A Rossland-area project was approved by Columbia Basin Trust to receive a chunk of $1.8 million in funding announced Thursday, March 16, to go toward building infrastructure that encourages active lifestyles.
“The Recreation Infrastructure Grants program supports community efforts to create new or upgrade existing recreation facilities and trails in the region,” a release from the CBT said.
The project receiving funding is the Kootenay Columbia Trails Society’s (KCTS) upgrade of the lower section of the Dewdney Trail, which received $14,000. The upgrade will include “adding drainage features and developing high-quality, intermediate-level, single-track trail on a more sustainable alignment.”
Since the program launched in early 2016, the Trust has funded 100 projects with $6.3 million, including 222 kilometres on 43 trails, 36 outdoor facilities like playgrounds and tennis courts and 10 other facilities like riding arenas and gymnasiums. Projects are located in 34 Basin communities. The final intake for the program will open November 2017.
“Residents have told us they would like the Trust’s help to build stronger, more resilient and more enjoyable communities, and part of this is having the amenities they need to lead active, healthy lifestyles,” said Kindy Gosal, Columbia Basin Trust Director, Special Initiatives.
“We’re pleased to see such a positive response to the program, and we’re happy to support these community-based projects that have a lot of the preparatory work done, have commitments for other funding, and have local residents willing to pitch in and make the project work.”
Recent recipients include the following:
A trail for all abilities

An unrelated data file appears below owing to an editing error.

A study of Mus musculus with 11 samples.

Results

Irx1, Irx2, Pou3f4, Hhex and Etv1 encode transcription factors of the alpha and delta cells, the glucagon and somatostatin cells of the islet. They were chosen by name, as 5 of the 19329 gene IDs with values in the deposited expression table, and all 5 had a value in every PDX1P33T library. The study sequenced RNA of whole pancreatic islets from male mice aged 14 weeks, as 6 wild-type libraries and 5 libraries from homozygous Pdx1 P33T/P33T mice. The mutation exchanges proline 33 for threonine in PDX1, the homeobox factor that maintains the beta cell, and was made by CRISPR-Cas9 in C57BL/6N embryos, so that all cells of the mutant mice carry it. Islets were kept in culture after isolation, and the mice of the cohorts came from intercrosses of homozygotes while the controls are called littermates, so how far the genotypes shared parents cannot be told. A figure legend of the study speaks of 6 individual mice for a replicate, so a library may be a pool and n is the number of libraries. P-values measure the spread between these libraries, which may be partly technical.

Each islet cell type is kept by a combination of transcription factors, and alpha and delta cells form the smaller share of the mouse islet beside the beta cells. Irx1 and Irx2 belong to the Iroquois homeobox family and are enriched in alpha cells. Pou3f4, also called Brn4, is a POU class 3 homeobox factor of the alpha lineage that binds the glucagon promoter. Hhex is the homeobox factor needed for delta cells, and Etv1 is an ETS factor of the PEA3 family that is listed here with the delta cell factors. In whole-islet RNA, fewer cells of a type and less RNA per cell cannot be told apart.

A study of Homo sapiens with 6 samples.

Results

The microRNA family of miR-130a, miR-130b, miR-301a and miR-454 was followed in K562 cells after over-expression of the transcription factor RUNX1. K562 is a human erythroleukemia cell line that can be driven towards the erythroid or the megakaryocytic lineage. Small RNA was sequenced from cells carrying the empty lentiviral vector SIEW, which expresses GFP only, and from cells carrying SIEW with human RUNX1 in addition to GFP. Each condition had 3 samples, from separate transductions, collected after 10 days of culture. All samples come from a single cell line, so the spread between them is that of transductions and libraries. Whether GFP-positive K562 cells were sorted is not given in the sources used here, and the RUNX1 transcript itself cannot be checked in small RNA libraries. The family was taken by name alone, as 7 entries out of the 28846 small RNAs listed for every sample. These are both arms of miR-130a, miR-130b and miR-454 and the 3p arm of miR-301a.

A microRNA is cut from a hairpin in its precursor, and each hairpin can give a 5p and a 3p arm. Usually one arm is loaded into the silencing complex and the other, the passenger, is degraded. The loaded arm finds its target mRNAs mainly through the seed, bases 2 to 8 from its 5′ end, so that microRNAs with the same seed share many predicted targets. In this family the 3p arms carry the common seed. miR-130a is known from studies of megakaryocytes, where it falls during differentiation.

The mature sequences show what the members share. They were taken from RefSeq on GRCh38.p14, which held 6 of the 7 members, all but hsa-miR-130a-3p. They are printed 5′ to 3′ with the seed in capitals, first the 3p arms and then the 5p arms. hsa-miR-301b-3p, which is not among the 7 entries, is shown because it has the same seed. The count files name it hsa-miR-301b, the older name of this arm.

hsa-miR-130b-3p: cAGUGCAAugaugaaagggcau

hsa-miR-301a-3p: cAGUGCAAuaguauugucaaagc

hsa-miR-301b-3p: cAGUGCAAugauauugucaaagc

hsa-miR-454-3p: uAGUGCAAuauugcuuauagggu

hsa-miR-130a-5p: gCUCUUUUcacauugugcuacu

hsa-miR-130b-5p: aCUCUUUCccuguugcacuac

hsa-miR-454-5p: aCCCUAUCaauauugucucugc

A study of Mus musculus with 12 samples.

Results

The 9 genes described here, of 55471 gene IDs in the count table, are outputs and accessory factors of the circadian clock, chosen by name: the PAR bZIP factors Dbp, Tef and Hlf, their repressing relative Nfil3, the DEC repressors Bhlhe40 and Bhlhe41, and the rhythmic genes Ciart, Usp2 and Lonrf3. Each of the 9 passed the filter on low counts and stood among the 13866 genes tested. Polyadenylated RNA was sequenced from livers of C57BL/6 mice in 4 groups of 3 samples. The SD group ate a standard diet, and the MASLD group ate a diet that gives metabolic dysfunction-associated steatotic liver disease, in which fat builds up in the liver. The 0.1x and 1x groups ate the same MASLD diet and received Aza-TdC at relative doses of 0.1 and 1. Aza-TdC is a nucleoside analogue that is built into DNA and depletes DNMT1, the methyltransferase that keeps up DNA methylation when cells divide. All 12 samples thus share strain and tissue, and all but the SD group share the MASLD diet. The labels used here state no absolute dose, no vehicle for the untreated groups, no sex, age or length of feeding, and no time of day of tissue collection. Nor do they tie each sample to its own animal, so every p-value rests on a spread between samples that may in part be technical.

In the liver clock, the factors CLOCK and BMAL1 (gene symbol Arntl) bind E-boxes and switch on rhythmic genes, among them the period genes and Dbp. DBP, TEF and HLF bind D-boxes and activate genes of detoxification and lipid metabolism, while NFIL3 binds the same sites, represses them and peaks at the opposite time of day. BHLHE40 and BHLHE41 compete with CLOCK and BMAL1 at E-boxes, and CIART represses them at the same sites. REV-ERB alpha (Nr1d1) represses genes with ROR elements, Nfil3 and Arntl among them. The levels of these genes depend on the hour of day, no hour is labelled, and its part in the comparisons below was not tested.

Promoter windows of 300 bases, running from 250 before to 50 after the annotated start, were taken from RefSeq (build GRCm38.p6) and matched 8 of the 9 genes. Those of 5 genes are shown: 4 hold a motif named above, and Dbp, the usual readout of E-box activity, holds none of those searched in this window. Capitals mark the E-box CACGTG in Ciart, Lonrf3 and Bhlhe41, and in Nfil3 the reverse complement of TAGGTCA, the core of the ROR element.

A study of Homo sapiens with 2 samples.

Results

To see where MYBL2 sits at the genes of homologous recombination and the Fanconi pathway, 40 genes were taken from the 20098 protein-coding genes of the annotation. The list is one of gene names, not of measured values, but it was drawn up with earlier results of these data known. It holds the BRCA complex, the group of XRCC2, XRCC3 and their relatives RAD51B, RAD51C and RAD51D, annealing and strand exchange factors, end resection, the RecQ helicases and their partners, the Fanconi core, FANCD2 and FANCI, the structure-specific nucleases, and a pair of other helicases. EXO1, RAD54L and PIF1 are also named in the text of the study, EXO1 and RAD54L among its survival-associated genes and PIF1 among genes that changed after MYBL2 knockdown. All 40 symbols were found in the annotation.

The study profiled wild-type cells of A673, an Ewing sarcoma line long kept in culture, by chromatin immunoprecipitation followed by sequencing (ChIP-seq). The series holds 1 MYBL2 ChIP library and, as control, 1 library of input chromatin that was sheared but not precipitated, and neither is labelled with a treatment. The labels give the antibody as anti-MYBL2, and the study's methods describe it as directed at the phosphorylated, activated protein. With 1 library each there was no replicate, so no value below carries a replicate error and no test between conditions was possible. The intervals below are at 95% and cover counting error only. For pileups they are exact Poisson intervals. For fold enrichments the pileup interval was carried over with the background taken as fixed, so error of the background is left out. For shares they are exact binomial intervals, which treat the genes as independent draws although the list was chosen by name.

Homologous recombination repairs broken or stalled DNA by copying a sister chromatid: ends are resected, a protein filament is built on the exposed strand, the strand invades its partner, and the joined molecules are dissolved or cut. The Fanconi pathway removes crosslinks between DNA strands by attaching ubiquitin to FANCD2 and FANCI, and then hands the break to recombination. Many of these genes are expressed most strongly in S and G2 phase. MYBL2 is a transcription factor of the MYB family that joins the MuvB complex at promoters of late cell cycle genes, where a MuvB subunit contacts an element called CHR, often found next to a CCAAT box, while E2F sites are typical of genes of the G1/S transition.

It already gives you a fantastic view over Slocan Lake, and now the Butter Mountain trail in Rosebery is going to get even better. The North Slocan Trails Society will be nearly doubling the trail by adding seven kilometres to the existing 8.7-kilometre trail. This includes a 3.5-kilometre section for bikers who may use equipment like hand bikes, trike bikes and wheelchair bikes.
“Studies show that mountain biking brings in tourism, and this project will expand the user experience and establish the North Slocan as a recreation destination, including for adaptive mountain bikers,” said Mike Koolen, project manager. “Plus for many locals, trails are the sole source of exercise and recreation. They too will benefit from increased trail opportunities.”
A permanent home for a popular sport
Disc golf is one of the fastest-growing sports in North America: healthy, easy to learn, suitable for all ages and skill levels and inexpensive. To encourage the sport in the Kootenays, the Elk Valley Disc Golf Association will be installing a permanent 18-hole disc golf course at Wycliffe Regional Park.
“This new, well-designed course will help grow the sport locally and provide the opportunity to host provincial events in the Cranbrook area,” said board member Fraser Bowden. “It will provide seasoned players opportunities to improve their games, attract new players to the sport and create a venue to host organized tournaments and league play.”
Columbia Basin Trust supports the ideas and efforts of the people in the Columbia Basin. To learn more about the Trust’s programs and initiatives, and how it helps deliver social, economic and environmental benefits to the Basin, visit ourtrust.org or call 1-800-505-8998.